The Nutcracker and a piano lesson

by Rob Tiller

We went to the Carolina Ballet’s new production of The Nutcracker last week. Over the years, I’ve seen many Nutcrackers, from student productions to the NY City Ballet’s. In days gone by we used to listen to the Tchaikovsky music when we decorated the Christmas tree. I’ve never actually gotten sick of it, but a few years back I started to worry that it could happen. With the ballet music, just as earlier happened with the Brahms symphonies, I decided that I needed to be careful not to get so familiar as to lose the great joy of the thing. And so we hadn’t gone to the Carolina Ballet’s Nutcracker for the last couple of years.

I’m glad we returned. The CB production was substantially upgraded with new sets and effects. I enjoyed the upgraded magic tricks in Act 1, and thought the costumes in the ball scene were opulent. Act 1 is the children’s act — with magic tricks and children playing, but not a lot of dancing. Act 2 is more for the grown-ups, with a variety of virtuosic classical dance. The leading female roles in the performance I saw were wonderful, including Lilyan Vigo as a regal Sugarplum Fairy, Jan Burkhard as an outgoing Dewdrop, and Lara O’Brien as an unusually poignant, melancholy Tea. The men seemed especially athletic (gravity-defying) this year, including a particularly impressive Richard Krusch and Nikolai Smirnov.

Before the show, we agreed to celebrate the occasion by relaxing as completely as possible and just drink in the production — that is, clear the mind of everything except the beauty in the moment. We mostly succeeded. There were a couple of rough spots with the props, including the giant book with the false back that didn’t quite get closed in time. The sound quality from the live orchestra coming through speakers was less than excellent. But mostly we were swept away to a beautiful, magical place.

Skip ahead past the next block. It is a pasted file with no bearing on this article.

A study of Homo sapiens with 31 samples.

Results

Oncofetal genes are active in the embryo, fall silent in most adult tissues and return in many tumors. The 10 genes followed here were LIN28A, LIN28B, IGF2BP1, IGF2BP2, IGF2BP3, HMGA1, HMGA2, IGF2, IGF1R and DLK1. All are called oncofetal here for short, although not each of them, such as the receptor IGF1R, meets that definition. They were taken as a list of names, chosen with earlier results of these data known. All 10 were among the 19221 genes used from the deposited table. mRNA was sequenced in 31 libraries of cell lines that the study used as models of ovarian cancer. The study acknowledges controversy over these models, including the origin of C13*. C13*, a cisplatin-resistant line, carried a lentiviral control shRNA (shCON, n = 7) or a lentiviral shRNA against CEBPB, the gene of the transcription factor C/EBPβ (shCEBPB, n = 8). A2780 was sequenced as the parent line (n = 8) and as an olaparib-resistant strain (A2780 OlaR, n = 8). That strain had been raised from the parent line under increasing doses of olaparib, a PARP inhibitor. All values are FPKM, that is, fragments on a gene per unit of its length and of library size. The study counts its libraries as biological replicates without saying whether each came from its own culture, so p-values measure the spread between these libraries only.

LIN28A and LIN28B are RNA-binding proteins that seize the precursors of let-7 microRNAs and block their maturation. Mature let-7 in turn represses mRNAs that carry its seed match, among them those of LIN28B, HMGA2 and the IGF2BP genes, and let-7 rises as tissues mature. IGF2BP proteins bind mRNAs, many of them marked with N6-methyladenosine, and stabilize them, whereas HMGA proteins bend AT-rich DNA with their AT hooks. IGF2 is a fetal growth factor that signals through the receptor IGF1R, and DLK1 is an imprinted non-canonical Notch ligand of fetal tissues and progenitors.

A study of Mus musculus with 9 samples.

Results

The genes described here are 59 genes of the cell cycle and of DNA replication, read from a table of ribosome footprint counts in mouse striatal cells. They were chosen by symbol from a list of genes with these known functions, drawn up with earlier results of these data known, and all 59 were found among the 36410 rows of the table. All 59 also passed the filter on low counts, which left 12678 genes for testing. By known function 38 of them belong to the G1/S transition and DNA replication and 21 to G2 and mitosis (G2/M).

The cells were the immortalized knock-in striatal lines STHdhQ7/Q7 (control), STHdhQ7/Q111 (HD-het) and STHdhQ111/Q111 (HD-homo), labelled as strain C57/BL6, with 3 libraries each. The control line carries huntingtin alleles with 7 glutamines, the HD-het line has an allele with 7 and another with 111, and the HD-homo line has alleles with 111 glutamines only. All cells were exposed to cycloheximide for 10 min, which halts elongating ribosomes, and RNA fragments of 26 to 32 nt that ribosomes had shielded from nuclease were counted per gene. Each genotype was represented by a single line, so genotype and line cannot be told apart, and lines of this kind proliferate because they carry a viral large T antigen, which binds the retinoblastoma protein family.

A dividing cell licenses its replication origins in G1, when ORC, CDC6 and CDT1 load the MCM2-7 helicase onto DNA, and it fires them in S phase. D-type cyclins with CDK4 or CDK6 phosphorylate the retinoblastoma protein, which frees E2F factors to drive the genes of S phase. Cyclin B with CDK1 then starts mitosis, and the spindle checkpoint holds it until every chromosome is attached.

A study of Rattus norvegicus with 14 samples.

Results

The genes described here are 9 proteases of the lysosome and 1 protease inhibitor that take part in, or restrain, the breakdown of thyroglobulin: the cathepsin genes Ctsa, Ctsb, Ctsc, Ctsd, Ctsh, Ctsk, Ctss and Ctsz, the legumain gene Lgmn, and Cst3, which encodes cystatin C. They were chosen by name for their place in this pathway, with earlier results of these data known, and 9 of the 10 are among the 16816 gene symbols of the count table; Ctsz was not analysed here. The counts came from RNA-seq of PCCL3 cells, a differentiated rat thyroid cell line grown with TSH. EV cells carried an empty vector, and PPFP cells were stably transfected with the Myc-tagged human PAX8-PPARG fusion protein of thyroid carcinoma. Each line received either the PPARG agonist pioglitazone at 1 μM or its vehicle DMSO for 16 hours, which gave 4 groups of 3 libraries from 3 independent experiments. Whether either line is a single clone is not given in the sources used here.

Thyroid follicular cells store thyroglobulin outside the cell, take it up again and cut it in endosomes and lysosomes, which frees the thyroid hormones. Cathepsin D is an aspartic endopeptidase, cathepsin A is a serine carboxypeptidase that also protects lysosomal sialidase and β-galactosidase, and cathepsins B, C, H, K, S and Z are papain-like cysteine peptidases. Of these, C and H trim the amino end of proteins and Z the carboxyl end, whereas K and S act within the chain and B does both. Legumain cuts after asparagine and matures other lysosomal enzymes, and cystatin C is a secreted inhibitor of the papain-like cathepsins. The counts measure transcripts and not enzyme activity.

We met up with Lola and her boyfriend, Rodrigo, after the show, and learned that she’d had to switch roles at the last minute and, due to another dancer’s health problem, perform in a position she’d never done before. She said it was one of the least enjoyable shows of her life, because it took so much work, and was very far from solid. Of course, none of that was visible to us — she looked great. It was good, though, to be reminded of how hard the performers work to create the appearance of effortlessness.

At my piano lesson last week, Olga touched on this point. I’ve been bringing at least some memorized music to our lessons, and from time to time memory glitches occur. To fix this, part of her approach is to minimize dependence on muscle memory and build security through harmonic analysis. At the same time, she recommends thinking about the movements of the arms, wrists, and fingers as choreography — that is, gestures that have beauty separate from the beauty of the sound (but contributing to it). Planning the gestures and getting them ingrained is part of learning the piece.

At the lesson I began with Chopin’s mazurka opus 63, no. 3 (c sharp minor). (It’s unfortunate that great composers of the Romantic period passed on giving their works names. With 51 published mazurkas, it’s hard even for musicians to keep them straight by number. I generally try to think of a name for the ones I learn. I think of this one as: Sharp Longing.) It has unusually strange, sad harmonies and dissonances. I managed to play it coherently, and was pleased that Olga noted some interesting and lovely things. But, she noted, there was still a lot of work to do.

It is daunting to face Olga’s listening powers. At one point she perceived, correctly, that I was not carefully listening to what I was doing. “You’re faking it,” she said. Note, I was playing the right notes, but not balancing them in a considered way. This is a high standard — not just playing right, but playing with deep understanding. She acknowledges that there are many possible ways to play a phrase, but it is not acceptable to just play the notes without understanding and feeling.

As best I can tell, she does not draw a sharp line between the physical, intellectual, and emotional aspects of playing the piano. She recommended that I think about touching the keys as though I were speaking, which I found helpful. She also forced me to consider carefully about how my thumb moved to contact a key as opposed to the other fingers. We also talked for a while about the role of the elbow in certain situations. Not to mention the wrists! And that’s before we even get to the form or the music, or what it is trying to say. After the mazurka, we worked on the Etude Op. 25, No. 1, and Debussy’s Reverie. At the end, I felt tired, but inspired: there’s so much more challenging, beautiful music ahead.